How peer mentorship enhances supervision of community health promoters in Isiolo

Living Goods provides support to the county government of Isiolo, Kenya in various areas, including digital tools and performance management. Living Goods supervisors work together with their peers, the government’s community health assistants (CHA’s), to supervise community health promoters (CHP’s).

This involves in-person supervision of CHPs, training of CHAs, and troubleshooting or guidance on the use of digital tools by visiting households. Kame Ali, a CHA, and Amina Tirfe, a Living Goods peer coach, participate in a mentorship program that has proven to be an effective capacity-building tool. 

Amina Tirfe (left), a Living Goods Peer Coach and Kame Ali (right), a Community Health Assistant, at a Dispensary in Kambi Garba.

Amina Tirfe (left), a Living Goods Peer Coach and Kame Ali (right), a Community Health Assistant, at a Dispensary in Kambi Garba.

What does mentorship entail?  

Kame Ali:  I have been a CHA in Isiolo County for four years. I supervise 17 CHPs in the Kambi Garba community unit, which has just over 1,000 households. We are currently registering new households to the electronic community health information system (eCHIS). 

Living Goods has been instrumental in helping us adopt and use digital tools for community health management. As pioneers in the use of technology in community health, we have greatly benefited from their knowledge and experience. I have been working with Amina Tirfe to improve my capacity to supervise CHPs.  

I consider her my mentor. She guides me on how best to supervise CHPs, and assists me in troubleshooting gadgets, and analyzing the data that CHPs procure from the community. For example, I recently called Amina to seek her guidance on an issue the CHPs were facing on the system while conducting household registration. It was an issue that I could not resolve on my own. She was able to guide me to success. This is the kind of working relationship we have. 

I oversee a team of community health promoters (CHPs) and use digital tools to monitor their activities. Thanks to the training and guidance received from Living Goods, we have started using the electronic Community Health Information System (eCHIS), which has made my work much easier. Previously, when we relied on a manual system, it was a daunting task to supervise 17 CHPs who were visiting over 1000 households.  

eCHIS has improved the integrity of the data collected and eliminated the risk of fake reports. As a supervisor, I use a mobile app to monitor my team’s activities, and I am confident in the work they do. Amina and the entire Living Goods team have been instrumental in helping me acclimatize to the new system and improve my skills as a community health worker. 

Peer Coach Amina Tirfe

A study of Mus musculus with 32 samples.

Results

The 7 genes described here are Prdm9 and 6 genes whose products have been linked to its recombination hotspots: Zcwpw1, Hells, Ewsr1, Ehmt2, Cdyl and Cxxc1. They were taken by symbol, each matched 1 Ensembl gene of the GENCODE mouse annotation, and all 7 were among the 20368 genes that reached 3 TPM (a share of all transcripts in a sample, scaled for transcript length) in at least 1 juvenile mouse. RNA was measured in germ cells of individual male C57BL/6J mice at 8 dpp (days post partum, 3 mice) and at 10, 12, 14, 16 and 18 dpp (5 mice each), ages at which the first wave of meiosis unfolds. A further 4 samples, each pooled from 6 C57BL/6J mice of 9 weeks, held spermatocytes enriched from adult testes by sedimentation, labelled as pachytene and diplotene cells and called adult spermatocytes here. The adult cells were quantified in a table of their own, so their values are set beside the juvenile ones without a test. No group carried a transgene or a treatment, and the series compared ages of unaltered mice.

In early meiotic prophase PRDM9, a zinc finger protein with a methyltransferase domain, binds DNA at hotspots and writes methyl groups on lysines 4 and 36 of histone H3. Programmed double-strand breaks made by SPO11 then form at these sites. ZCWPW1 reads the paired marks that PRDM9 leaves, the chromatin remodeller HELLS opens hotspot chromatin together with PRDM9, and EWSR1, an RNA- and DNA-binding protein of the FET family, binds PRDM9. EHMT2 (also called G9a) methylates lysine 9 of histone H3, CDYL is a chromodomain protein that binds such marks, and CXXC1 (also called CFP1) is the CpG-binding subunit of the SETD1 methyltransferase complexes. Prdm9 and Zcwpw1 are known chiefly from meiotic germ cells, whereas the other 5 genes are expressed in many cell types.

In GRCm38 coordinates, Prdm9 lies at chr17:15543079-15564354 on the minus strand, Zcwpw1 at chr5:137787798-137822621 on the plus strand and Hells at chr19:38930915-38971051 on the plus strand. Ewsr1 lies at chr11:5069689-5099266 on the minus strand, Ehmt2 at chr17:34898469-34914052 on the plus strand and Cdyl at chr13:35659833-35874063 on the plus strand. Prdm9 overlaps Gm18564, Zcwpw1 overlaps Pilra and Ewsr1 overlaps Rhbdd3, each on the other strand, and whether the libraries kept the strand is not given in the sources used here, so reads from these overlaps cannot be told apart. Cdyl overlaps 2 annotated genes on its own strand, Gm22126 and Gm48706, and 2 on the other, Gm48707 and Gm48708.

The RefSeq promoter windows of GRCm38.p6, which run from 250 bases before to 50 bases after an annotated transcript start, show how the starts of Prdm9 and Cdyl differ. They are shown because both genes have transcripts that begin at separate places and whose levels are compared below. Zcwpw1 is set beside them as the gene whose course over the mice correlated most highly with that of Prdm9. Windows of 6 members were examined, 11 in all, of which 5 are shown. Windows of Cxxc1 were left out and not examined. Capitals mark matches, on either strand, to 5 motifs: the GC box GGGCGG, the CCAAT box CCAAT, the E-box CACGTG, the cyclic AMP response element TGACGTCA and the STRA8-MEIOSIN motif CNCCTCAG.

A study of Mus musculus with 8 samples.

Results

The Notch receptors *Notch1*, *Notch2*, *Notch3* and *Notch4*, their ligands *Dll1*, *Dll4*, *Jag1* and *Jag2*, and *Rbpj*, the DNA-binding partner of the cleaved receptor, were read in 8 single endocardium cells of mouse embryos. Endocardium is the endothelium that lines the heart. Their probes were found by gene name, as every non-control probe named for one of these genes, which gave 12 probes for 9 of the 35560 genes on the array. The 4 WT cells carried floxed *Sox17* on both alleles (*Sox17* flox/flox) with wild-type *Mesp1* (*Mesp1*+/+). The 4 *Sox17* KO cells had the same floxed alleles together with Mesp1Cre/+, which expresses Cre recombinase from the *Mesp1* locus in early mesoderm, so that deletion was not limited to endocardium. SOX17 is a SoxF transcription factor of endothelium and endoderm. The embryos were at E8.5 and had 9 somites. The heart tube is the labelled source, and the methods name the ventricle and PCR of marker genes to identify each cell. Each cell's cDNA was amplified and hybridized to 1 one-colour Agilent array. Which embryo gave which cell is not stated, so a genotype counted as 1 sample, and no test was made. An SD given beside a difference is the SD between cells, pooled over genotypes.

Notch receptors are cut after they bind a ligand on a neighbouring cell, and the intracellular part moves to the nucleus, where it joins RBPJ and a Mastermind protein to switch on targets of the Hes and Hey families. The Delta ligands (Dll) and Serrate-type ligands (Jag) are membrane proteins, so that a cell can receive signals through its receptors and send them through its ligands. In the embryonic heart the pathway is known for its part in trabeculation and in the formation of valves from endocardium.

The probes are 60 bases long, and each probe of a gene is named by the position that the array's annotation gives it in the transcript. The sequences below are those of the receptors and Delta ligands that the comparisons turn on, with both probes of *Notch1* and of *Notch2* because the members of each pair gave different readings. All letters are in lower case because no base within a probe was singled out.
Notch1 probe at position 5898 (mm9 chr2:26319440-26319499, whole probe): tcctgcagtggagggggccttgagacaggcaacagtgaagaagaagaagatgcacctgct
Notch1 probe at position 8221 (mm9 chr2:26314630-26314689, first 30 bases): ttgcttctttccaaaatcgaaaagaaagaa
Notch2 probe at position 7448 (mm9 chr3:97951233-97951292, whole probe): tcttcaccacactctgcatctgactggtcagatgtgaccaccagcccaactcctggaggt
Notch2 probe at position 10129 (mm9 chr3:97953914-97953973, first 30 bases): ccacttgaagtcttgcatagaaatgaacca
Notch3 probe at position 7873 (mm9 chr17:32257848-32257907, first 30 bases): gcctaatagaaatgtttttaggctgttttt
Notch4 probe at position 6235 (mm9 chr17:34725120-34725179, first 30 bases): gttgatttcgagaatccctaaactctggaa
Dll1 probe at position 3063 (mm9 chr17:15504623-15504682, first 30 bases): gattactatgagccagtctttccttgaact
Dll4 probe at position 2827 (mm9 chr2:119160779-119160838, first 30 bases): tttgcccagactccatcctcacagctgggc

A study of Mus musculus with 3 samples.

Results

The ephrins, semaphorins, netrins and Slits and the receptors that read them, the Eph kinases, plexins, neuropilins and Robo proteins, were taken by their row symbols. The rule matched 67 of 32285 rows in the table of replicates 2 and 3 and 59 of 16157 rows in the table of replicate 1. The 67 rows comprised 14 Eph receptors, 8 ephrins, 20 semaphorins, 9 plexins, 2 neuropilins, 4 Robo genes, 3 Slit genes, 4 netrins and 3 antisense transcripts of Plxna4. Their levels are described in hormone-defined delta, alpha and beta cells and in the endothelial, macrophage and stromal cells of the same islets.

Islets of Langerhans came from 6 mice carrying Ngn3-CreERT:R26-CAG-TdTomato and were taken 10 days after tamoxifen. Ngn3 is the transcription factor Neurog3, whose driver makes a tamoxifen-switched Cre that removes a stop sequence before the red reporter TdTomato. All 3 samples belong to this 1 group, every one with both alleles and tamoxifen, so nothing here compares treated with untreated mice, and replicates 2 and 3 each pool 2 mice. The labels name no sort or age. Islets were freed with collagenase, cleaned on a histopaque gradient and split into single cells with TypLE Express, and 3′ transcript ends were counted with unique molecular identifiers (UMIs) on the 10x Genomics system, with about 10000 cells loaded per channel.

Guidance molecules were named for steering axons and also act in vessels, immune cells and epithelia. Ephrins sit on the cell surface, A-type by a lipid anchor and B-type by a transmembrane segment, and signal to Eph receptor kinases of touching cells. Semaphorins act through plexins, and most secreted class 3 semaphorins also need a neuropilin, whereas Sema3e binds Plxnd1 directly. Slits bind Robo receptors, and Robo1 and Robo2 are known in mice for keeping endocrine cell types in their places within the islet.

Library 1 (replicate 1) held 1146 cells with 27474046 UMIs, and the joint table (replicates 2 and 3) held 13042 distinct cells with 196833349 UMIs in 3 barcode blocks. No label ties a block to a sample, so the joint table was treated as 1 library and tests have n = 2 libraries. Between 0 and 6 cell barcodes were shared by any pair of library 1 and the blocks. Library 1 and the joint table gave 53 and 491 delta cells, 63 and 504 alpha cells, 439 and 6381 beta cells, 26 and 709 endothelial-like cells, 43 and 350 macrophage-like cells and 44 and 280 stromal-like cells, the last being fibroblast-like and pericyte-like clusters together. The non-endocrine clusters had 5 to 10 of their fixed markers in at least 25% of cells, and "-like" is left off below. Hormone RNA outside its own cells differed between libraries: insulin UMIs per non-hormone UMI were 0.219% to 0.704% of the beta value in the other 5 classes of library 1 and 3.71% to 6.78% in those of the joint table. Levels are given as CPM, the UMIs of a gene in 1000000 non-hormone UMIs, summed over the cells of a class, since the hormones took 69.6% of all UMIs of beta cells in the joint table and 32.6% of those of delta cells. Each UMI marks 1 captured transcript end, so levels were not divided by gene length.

As a peer coach, Amina Tirfe has been with Living Goods since its inception in Isiolo County in 2019. Her role involves coaching and mentoring the CHAs and CHPs on the use of digital tools, utilization of the dashboards, field visits, reporting quality data, in-service training, and maintaining good working relationships with CHPs, CHAs, and county focal persons.  

The brief period when the county reverted to manual reporting caused a slump in our performance, but with the eCHIS, we are back to digital reporting. We have already trained our team on the use of the platform, and we look forward to achieving even better results. 

What is the purpose of this mentorship? 

I mentor Kame, along with other CHAs, to help her better understand and navigate the application and workflows. I also assist her in troubleshooting any technical issues that may arise. Previously, when Living Goods was testing the Smarthealth app as a proof of concept for digitizing community health, they did not fully embrace it.  

Therefore, they left any technical issues entirely to us to sort out. However, eCHIS is now a government platform that is here to stay. As a result, mentorship is essential for Kame to have the knowledge and skills to manage without me or Living Giving.  

We are also building their capacity to embrace all aspects of the new system and make them realize that it is their system and not just an LG tool like before. My goal is to mentor the CHAs to a level where they will no longer need me. I will be the happiest person when they can confidently handle everything by themselves!” 

What is Living Goods role?  

Living Goods works in partnership with governments to recruit, train, mobilize, and manage the performance of community health workers who serve the communities they live in. Supervision is crucial to monitor the quality of services provided, offer technical support, and collect information from the CHWs.  

Living Goods’ supervision process supports, coaches, mentors, assures, and develops the knowledge, skills, and value of the CHWs to ensure the effective and efficient delivery of community health services in their communities. Based on their experience, Living Goods has developed guidelines for community health worker supervision to be shared with partners and stakeholders.